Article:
The Bane of My Existence


Right now, I am suffering! This privet causes half the people I know much misery, pain, and cost. I have spent countless hours with itchy eyes, so horrid I could not see. I have spent too much money trying to defeat the symptoms which are disabling. My eyes, sinuses, nostrils (itching), and breathing is affected. In the last few years I have managed to destroy and beat back this problem in the some parts of the yard. I still battle baby privets. This may be the last year I put up with this beauty. Pollen from the privet causes asthma and eczema. I have symptoms of both! 
Two years ago, I sat in a chair and bent over to pull baby privets. I pulled one hundred 3" babies in an area that was about 18" x 18"! That must be redone week after week. Of course, I don't. Mowing only delays the problem and makes the roots deeper and stronger.
The hens love to stay under the tips that are bending toward the ground. So, I am a sucker for what they like. Plus, eight cardinals love the bush. Maybe it is the berries they like?


shady area
The privet originates far to the left of this picture above. As the branches reach the hickory tree, they bend. I like the area it forms underneath. It makes me too miserable to sit there even though others do sit in the chairs. Actually, even an open window exposes me to the pollen.
You can learn more about privet. 
Pretty and more pleasant

self seeded or regrew
Wave Petunias
Early in the spring, I noticed green in this hanging basket. It had such a thick stem that it appeared the plant was re growing after the winter. I knew the Wave Petunia would reseed. Last year, I bought some distressed Wave Petunias and they flourished after a little care. Now, I have another stressed petunia that I will plant here with the leftover ones you see here. It appears on each of the pink and white made it through the winter and the other reseeded.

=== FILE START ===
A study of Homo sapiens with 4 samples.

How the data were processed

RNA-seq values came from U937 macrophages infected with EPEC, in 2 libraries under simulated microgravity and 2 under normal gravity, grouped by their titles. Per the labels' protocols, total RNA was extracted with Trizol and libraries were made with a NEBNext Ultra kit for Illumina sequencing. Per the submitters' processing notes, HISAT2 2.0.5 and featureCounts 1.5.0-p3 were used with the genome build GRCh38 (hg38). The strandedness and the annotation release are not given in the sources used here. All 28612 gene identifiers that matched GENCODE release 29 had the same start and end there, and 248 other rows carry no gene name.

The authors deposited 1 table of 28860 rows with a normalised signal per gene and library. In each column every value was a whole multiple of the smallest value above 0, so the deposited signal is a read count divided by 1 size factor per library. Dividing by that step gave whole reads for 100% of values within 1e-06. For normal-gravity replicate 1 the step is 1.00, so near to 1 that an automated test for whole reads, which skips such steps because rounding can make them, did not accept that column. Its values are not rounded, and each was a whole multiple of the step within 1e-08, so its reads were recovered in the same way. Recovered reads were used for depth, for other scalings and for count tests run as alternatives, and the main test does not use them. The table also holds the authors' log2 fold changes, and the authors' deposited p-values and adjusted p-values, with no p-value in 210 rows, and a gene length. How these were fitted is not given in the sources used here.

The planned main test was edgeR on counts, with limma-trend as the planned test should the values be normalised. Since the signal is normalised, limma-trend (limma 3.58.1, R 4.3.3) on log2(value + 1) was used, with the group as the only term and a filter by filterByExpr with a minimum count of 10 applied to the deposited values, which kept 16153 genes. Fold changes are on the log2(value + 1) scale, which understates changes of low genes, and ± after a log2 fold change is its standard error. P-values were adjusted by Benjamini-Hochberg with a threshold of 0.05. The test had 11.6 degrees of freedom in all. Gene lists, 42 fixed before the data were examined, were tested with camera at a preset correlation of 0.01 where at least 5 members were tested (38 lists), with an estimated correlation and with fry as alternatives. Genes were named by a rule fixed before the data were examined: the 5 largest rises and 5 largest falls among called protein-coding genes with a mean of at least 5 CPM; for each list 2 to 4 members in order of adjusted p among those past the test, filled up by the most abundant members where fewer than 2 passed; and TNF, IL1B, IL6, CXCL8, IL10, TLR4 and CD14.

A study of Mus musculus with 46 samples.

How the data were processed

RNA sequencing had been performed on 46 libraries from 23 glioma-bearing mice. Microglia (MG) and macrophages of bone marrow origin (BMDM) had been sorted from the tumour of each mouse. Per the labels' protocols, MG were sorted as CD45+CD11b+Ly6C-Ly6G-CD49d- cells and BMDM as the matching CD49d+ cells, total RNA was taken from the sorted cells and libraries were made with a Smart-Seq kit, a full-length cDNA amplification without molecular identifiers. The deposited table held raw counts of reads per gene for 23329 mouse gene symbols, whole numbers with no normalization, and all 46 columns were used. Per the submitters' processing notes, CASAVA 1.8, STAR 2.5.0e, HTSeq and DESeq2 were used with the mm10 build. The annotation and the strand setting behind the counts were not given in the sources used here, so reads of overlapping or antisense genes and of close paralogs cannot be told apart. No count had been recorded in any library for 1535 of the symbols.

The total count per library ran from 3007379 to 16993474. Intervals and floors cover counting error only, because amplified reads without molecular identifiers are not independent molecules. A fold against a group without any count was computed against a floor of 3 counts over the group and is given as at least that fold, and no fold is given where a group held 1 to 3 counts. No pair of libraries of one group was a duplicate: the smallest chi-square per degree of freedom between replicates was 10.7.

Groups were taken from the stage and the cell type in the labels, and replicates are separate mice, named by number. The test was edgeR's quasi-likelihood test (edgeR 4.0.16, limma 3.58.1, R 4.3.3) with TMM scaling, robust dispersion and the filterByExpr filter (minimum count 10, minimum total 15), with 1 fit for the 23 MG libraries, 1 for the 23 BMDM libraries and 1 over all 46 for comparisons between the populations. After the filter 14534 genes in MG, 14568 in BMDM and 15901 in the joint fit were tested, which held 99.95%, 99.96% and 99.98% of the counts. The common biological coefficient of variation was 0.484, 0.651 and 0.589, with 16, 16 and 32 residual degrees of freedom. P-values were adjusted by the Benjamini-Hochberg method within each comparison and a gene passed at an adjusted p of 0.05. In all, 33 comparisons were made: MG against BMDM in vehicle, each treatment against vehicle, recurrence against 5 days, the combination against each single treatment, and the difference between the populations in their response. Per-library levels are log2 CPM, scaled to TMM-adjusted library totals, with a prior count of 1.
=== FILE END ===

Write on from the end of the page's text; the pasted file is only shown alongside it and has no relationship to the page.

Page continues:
I am sure I could have a better picture, but I was standing on a pile of rocks.
Your turn
Does anyone have these privets in your yard? Are you allergic? Do your or your children have asthma, problems with lungs, or eczema? Do you suspect your problems are caused or exacerbated by this invasive pest?


  1. I wish I had a suggestion. There is surely a way to kill the one in your yard, but they're so common that I don't how much good it would do. Do you have air conditioning so you can keep your windows shut? Even if you can't get rid of yours, keeping it mowed so that it doesn't flower would surely help some.

  2. Snowbrush,
    Oh, I have destroyed many mature privets. I do have ac but have to go outdoors for things. The trunk on this is about 10", so mowing it would not be possible. a friend with a chainsaw is the answer.

    Even if I rid my yard of these, they are all over the neighborhood, in adjoining yards, along roads, just wild everywhere.

    I will live with it or get a replacement shrub.

  3. It is considered a threat in North Carolina, but I don't ever recall seeing one. I have so many weed issues (including recurring poison ivy) the it would be just another one to add to the list.

    At least Kudzu is edible.

  4. Russell,
    I wonder why it is not a threat here. I passed a house that was surrounded by privet. I felt sorry for anyone, especially a child, who lived there. It was a beautiful hedge, gave complete privacy. I believe there is poison ivy in a corner of my yard--yikes.

    My friend who lives in the country had a beautiful creek running through her property and just on the edge of her yard that was mowed out of acreage. The privets grew so thick she could no longer get to the creek and the thick trunks were destroying the other plant life and ruined the course of the stream.